To watch the video version of this article, please click here: kawaylaw.com/videos
Unlike some estate planning terms, like per stirpes, most everyone has heard of copyright. However, there’s still some confusion regarding, what is copyright, and what does it protect?
Let’s start with what copyright protects. Copyright is meant to protect creative expression: books, artwork, movies, music, etc. The important thing to remember is that copyright only protects the expression (a.k.a. the creative aspect), not the facts or ideas contained in the work. So a biography would be covered under copyright, but the author couldn’t claim exclusivity to the facts and historical events that made up the person’s life.
So what kind of protection does copyright offer? A copyright gives an author (i.e., the person who created the work) six specific rights:
- First, the author is the only person allowed to make copies of his or her work. That’s where the name, copy-right, comes from.
- Second, the author is the only person allowed to make derivative works, i.e., new works based on the original. For example, a movie based on a book would be a derivative work of the book, and the film company would need the book author’s permission to make the movie.
- Third, the author is the only person allowed to distribute his or her work, i.e., sell the work on the open market. However, Congress didn’t want to cut in on the secondhand market, so once a copy is sold, the new owner is free to sell it again without repercussions.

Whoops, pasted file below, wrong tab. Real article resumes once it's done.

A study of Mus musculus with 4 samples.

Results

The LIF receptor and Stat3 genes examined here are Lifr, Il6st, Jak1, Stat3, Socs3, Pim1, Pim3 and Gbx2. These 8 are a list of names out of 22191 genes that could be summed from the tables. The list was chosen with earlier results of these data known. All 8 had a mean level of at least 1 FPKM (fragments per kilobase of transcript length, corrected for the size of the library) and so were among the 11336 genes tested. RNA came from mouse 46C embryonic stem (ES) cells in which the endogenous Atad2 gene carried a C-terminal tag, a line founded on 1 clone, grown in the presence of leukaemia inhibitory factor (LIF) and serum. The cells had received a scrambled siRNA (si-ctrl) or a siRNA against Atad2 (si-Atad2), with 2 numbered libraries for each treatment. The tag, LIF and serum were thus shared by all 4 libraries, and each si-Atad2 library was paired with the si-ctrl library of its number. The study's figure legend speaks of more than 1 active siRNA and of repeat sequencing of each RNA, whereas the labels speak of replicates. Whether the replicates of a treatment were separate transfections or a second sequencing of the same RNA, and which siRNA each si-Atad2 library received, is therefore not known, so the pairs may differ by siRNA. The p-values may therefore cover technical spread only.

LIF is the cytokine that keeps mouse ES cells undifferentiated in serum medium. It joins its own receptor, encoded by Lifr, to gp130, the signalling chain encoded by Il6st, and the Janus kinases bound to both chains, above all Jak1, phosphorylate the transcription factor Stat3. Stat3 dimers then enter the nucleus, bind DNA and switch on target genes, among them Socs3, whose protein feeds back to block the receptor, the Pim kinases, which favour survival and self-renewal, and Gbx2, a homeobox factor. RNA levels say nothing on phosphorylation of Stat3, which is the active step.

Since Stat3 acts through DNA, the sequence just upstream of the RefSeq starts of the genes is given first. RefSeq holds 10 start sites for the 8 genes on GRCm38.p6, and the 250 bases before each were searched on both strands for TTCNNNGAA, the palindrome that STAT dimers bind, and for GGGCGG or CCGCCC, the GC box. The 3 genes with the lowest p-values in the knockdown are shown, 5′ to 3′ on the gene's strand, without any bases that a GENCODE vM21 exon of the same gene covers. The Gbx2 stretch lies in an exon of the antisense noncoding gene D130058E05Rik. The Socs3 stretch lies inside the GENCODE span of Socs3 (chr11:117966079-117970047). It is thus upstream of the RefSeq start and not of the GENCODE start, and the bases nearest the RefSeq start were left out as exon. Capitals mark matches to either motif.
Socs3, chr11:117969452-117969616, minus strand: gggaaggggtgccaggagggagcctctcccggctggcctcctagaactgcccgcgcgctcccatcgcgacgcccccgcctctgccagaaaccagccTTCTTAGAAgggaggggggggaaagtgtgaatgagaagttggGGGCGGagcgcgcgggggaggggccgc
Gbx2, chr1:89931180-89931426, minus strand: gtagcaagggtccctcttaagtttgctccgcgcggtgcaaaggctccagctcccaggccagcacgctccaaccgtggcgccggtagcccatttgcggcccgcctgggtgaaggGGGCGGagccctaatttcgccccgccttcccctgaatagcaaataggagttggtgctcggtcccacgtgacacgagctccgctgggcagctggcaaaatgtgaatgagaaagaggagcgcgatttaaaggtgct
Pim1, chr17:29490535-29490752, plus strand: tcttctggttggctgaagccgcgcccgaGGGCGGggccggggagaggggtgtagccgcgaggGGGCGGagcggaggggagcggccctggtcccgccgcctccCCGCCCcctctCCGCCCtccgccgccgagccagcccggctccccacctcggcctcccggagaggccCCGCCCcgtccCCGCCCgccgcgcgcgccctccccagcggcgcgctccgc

- Fourth, the author is the only person who can perform the work in public. This right applies mostly to dances, plays, movies, and music, but other activities like reading a book aloud to an audience would also fall under this right.
- Fifth, the author is the only person who can display the work in public. This right applies mostly to artwork, but again it can be used more broadly.
- Finally, the author is the only person allowed to transmit sound recordings to the public. At the time, Congress was thinking of playing songs over the radio, but online streaming services have made it possible to publicly transmit music, audiobooks, and other types of sound recordings through several avenues.
These six rights are like a bundle of sticks – you can give all the rights away or license one or two rights and keep the rest. You are always free to decide how much to keep and how much to give away.
For this same explanation with visuals, please feel free to view my video at the link above. If you have any questions, you’re welcome to email me at firstname.lastname@example.org.